Just as in his earlier film, Baby Driver
, co-writer and director Edgar Wright shows an incredible ability to set a scene to music in Last Night in Soho
. So much so, I can't help but wonder why Hollywood hasn't put him on the top of their list to adapt a musical. Music is so essential and plays such a large role in this film that it almost becomes a character in the storyline, sets the mood, and creates an atmosphere that few filmmakers can achieve with just select soundtrack choices.
The film is ultimately about nostalgia, as its heroine is a modern woman named Ellie (Thomasin McKenzie) who is addicted to the music and pop culture of the London scene of the 1960s. Ellie lives with her grandmother (Rita Tushingham), whom she inherited her love of the era from, and seems to be a bright and confident young woman with a future in fashion design. She's headed off for London, and seems ready to conquer the world. These opening moments tell us all we need to know about Ellie, her hopes and dreams, as well as her secrets, as she also holds a sixth sense, which we learn when the image of her dead mother appears in her mirror behind her. It's something she's lived with for most of her life, is certain she has it under control, and knows that the next stage in her young life will help her move beyond any past pains she's experienced.
Of course, when she gets to London, it is anything but like she dreamed of it being, and nothing like how the movies of her favorite era (or the stories her grandmother told her of when she visited there) displayed it. She gets stuck with some shallow and catty girls at her new college, and can't quite get into the party scene that everyone else is enjoying. She decides to look for her own place, and finds a small apartment in Soho, complete with a grumpy old lady landlord named Ms. Collins (Diana Rigg, in her final performance). It's after she's settled into her new home that the dreams begin, as every time she falls asleep, she dreams about a blonde-haired woman named Sandie (Anya Taylor-Joy), who comes to 1965 London with her own desires to be a famous singer. In her dreams, Ellie follows Sandie as the woman is swept up by the desires and charms of a man named Jack (Mark Smith), who promises to help guide her career.
At first, Ellie is transfixed and fascinated by these dreams, and maybe she envies the Sandie in her visions, as the woman appears to be everything that the timid modern girl is not. This leads to Ellie getting her hair done in the same style as Sandie in her dreams, as well as emulating her style and swagger, which makes her stand out more at school. However, it quickly becomes apparent that something sinister is afoot when these dreams start invading Ellie's everyday life, even when she is awake. Is she really dreaming? Are these a warning of some kind? As the visions become much darker and corrupt, and Ellie finds herself haunted by presumably supernatural forces, Wright and co-writer Kristy Wilson-Cairns start to rely on more conventional jump scares, and a third act that doesn't quite stick the landing.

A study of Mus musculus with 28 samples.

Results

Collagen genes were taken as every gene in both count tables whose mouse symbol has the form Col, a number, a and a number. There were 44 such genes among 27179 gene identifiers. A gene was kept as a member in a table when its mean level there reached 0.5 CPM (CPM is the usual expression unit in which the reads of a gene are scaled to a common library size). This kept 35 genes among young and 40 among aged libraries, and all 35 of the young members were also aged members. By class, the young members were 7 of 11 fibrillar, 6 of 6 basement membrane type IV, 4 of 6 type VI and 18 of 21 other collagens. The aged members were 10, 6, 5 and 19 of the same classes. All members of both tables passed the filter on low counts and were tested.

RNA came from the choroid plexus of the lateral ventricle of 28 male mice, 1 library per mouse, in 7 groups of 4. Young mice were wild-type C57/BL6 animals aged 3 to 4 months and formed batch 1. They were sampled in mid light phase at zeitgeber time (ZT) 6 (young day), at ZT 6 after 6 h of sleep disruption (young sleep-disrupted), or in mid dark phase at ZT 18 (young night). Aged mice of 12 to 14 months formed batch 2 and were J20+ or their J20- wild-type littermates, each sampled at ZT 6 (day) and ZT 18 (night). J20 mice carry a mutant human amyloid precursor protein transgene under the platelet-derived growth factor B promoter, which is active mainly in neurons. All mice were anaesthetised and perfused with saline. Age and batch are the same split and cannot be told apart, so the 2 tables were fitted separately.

Last Night in Soho
is quite engaging for a paranormal thriller throughout, but it's never quite as groundbreaking for the genre that the film's first half hints at. The truth is, we never learn that much about Sandie as a character. The performance by Anya Taylor-Joy is captivating and hints at a lot of mystery (as does the screenplay), but it doesn't act on it in quite the way we hope it would. She starts out as kind of an enigma who fascinates us, much as she does Ellie, but as the layers of the plot are stripped away and we start getting answers, it's a bit disappointing that there's not much more to her. It's also a bit disappointing when Wright starts relying on conventional scares of ghouls and dead people popping up and screaming at Ellie, when the movie seemed to be leading up to so much more.
I feel I should emphasize that this is still a strong movie, despite its weaknesses. The movie has an unmistakable flare and emotional pull as we are pulled back and forth between reality and a vision of the 60s that seems partly inspired by nostalgia, and partly a dark nightmare as that initial glitz and glamour are stripped away to reveal darker undercurrents and revelations. There are also some great visuals here, such as how a lot of times, we will see Ellie reflected in mirrors when Sandie is in front of them, or a dance scene between Sandie and Mark, where she is briefly replaced by Ellie time to time. Ellie is escaping into a fantasy through these visions, and probably winds up following them too deep, which leads to the dangers she encounters later on. The film does a wonderful job of mixing dreams, harsh reality, and a striking nightmare into one narrative, and it only disappoints during the Third Act, when it's revealed there's not as much here as we might have hoped.
The movie is so intoxicating for so long, it is a disappointment where it ends up, but I simply can't deny how much it does work when it's successful. Wright seems much more confident when he is setting up his mystery, his two worlds the story inhabits, and bringing his vision to life. When he has to rely on the much more standard blood-soaked shocks of the horror genre, his heart just doesn't seem as into it.